The sudden sharp drop in temperatures across Kansas during the week of Nov. 10-15 will certainly cause the wheat crop to go into dormancy. Whether it will injure the wheat to any degree depends on several factors, said Jim Shroyer, K-State Research and Extension crop production specialist.
“The moisture level in the topsoil will be important. Soil moisture was generally good in most of the state going into October. But the warm temperatures in October caused some of the wheat in the state to put on excessive amounts of topgrowth, which dried out the soil,” Shroyer said.
The cold weather will be more likely to cause injury to wheat if the plants were showing drought stress symptoms, he said. Also, dry soils will get colder more easily than wet soils.
Another important factor in wheat’s response to the cold is whether the wheat had time to become properly cold hardened, he added.
“Although the weather was warm overall in October and early November, there may have been enough cold nights to have allowed the wheat to develop cold hardiness,” Shroyer said.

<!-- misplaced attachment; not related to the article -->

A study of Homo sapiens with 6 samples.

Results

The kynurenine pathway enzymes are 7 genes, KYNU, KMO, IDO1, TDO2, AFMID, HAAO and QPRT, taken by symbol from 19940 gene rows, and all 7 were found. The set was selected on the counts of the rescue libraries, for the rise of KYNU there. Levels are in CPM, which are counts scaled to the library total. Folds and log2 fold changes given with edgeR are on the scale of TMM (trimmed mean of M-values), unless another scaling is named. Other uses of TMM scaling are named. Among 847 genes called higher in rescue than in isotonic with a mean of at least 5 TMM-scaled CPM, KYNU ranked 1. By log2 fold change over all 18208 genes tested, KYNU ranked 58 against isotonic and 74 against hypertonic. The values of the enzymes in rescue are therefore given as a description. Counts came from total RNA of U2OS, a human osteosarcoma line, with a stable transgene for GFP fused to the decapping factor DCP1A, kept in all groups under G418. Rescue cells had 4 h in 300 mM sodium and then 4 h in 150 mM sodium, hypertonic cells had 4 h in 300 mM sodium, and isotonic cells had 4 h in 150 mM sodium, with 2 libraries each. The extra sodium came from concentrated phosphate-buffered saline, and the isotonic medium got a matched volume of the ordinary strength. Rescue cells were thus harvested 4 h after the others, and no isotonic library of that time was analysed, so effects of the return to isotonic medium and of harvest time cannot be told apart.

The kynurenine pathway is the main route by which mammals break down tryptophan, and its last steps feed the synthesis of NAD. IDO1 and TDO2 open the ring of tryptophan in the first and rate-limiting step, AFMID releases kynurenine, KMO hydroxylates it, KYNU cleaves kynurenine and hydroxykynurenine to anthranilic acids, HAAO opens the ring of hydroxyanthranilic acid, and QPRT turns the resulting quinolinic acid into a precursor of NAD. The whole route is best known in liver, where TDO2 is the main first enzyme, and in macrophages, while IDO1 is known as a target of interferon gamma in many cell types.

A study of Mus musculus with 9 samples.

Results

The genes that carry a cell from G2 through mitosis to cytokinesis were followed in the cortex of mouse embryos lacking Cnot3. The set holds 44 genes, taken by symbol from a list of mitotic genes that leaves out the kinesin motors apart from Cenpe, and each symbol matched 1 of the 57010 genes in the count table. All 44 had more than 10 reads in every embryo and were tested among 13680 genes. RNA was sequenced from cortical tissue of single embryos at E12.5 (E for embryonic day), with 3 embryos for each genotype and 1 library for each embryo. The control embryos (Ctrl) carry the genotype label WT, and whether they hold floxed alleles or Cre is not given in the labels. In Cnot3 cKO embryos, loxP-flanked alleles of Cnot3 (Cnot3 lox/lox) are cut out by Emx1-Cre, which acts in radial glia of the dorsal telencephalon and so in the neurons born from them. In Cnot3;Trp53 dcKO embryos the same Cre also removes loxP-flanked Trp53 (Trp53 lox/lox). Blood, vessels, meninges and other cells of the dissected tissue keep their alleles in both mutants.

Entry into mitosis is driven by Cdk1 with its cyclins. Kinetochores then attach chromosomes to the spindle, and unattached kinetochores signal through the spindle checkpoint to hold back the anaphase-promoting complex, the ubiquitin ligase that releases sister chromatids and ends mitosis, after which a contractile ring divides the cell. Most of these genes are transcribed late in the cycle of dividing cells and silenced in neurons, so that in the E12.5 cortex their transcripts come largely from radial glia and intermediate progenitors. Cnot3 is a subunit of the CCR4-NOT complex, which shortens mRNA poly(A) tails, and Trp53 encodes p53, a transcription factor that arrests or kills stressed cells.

The extent of the unusually large and rapid drop in temperatures from well above normal to well below normal is a concern, he added. If the wheat did not develop sufficient cold hardiness, it would become more susceptible to injury from the recent cold snap.
“We likely won’t know for sure about cold injury until next spring as the wheat comes out of dormancy,” he said.
The first thing producers will be seeing is a lot of burndown of the wheat from these cold temperatures, Shroyer explained. If the wheat was bigger than normal, the plants may look “rough” with a lot of brown dead-looking foliage on the soil surface, he said.
“That doesn’t mean the plants are dead, however. The important factor will be whether the crown below the soil surface remains alive. Having a well-developed secondary root system will help the plants survive,” Shroyer said.